Snowmobile Performance Tips
Wednesday, November 5, 2014 3:25:28 PM America/Denver
First, see how much clearance you have between the clutch sheaves and the drive belt. If there is excess, it will reduce your acceleration and top speed. This variance can be seen when two identical new sleds race and one is faster than the other.
In order to check your belt side clearance, slide the belt to one side of the clutch shaft. Place a feeler gauge between the clutch sheave and the side of the belt. Like the setting for your snowmobile suspension, look for the perfect range. A clearance of .010” to .020” is ideal.
If your clearance doesn’t fall within this range, measure it again with a second drive belt that is new. If your only issue is a worn drive belt, there is no need to toy around with the clutch. If the measurement shows more than .020” clearance, it needs some work.
In order to adjust the clearance, remove the spider and either add or subtract shims as you need to. Check your dealer for more shims if you need them. Special tools for clutch service and spider removal are also available, as well as those for snowmobile suspension.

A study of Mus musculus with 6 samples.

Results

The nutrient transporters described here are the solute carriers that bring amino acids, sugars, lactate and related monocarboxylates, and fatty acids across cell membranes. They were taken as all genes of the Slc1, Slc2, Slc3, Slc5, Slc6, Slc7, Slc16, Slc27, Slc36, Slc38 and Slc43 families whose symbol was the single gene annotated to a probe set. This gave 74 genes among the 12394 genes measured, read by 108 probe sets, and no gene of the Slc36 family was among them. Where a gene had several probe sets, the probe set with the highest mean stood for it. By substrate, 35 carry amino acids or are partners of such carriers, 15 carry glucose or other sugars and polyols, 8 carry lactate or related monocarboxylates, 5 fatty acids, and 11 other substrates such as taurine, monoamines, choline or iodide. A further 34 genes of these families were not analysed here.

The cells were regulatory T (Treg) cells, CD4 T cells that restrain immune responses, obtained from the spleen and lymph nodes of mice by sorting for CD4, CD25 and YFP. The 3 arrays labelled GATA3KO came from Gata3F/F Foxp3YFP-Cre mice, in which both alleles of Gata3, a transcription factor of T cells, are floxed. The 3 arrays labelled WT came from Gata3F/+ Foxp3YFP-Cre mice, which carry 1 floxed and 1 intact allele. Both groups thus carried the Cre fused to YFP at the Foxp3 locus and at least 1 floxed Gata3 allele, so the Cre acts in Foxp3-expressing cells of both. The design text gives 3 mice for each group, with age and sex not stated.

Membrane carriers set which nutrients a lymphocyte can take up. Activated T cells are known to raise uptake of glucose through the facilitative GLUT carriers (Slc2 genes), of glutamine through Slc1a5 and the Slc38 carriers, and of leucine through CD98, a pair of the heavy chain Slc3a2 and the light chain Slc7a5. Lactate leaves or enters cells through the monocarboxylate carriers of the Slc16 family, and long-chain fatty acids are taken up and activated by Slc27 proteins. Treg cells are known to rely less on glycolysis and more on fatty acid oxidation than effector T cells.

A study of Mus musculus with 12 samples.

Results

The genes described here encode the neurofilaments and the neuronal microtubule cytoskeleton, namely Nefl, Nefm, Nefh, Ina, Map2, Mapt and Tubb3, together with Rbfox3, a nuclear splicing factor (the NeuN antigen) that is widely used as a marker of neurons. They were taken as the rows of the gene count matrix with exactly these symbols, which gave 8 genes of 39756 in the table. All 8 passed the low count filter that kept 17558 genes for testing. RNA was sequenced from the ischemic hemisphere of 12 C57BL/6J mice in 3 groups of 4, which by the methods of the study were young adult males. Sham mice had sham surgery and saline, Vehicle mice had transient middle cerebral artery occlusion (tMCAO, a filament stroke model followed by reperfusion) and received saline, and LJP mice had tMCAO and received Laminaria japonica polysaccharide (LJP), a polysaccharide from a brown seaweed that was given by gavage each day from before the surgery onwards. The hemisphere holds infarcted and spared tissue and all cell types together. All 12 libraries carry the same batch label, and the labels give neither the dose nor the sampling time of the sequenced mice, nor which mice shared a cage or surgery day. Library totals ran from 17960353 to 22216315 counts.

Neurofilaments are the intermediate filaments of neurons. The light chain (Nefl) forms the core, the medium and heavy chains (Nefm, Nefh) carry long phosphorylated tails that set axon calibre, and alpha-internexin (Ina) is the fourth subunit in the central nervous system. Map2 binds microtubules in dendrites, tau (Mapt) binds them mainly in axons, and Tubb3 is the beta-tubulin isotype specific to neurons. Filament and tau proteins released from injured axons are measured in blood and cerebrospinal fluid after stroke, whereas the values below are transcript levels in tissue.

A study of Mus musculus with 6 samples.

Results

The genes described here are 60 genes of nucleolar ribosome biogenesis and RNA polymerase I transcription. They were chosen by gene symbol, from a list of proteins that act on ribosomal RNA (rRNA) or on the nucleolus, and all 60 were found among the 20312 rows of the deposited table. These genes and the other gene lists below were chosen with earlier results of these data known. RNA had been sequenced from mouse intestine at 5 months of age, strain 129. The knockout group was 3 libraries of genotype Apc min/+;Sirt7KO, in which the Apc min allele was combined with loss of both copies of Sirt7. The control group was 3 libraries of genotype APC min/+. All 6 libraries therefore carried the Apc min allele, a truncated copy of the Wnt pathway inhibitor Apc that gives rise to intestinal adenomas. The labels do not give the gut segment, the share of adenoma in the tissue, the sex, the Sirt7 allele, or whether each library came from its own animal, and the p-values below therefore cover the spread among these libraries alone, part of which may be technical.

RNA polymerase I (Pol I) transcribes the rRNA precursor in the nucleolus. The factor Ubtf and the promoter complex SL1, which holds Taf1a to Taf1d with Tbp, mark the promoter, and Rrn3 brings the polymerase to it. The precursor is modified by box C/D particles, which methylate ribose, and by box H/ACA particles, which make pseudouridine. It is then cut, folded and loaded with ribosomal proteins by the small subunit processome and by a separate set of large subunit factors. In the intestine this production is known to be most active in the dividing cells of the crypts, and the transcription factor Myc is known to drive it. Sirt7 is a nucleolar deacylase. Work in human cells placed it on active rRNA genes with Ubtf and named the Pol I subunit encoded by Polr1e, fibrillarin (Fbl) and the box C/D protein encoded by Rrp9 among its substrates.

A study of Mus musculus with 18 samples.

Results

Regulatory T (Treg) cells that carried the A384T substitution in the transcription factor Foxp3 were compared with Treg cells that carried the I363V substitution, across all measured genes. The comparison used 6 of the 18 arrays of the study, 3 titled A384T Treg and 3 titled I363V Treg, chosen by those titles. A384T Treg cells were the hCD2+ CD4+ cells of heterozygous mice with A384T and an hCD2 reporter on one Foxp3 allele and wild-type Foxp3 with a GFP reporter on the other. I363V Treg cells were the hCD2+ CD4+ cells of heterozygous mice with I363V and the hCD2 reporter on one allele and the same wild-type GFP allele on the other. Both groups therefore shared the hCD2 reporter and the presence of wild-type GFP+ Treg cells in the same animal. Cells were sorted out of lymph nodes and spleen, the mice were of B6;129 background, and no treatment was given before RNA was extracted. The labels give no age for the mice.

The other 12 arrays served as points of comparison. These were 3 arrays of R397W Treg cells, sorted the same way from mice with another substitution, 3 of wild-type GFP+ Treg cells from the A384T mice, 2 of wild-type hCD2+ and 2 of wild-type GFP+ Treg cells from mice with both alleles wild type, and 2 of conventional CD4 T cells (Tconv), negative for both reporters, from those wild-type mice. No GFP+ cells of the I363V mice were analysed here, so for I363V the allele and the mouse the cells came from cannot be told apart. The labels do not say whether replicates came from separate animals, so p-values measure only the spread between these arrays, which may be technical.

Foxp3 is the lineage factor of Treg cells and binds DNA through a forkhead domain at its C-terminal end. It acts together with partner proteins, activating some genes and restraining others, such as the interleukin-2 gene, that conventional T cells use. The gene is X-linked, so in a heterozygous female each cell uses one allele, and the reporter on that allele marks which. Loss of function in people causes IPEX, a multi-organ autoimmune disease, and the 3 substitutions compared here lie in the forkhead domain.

Clutching system cleanliness is a second factor of snowmobile performance. Clutch sheaves grab the belt when they are clean. Material such as mold, oil, grease, gasoline, or even rubber build-up increase slippage and give you less power.
When cleaning clutches and belts, never use solvent-based cleaners like petroleum, alcohol, cleaning solvent, or other chemical-based products which cause even more slippage. Instead, use steel wool to scrape off rubber buildup. Wash the clutch faces with hot soapy water and wipe or air blow dry.
For particularly stubborn areas, use 180-grit sandpaper, being careful not to create low spots. To remove contaminates, follow the same procedures listed above while using a medium to soft bristle brush. The cleanliness of the clutch compartment is also important.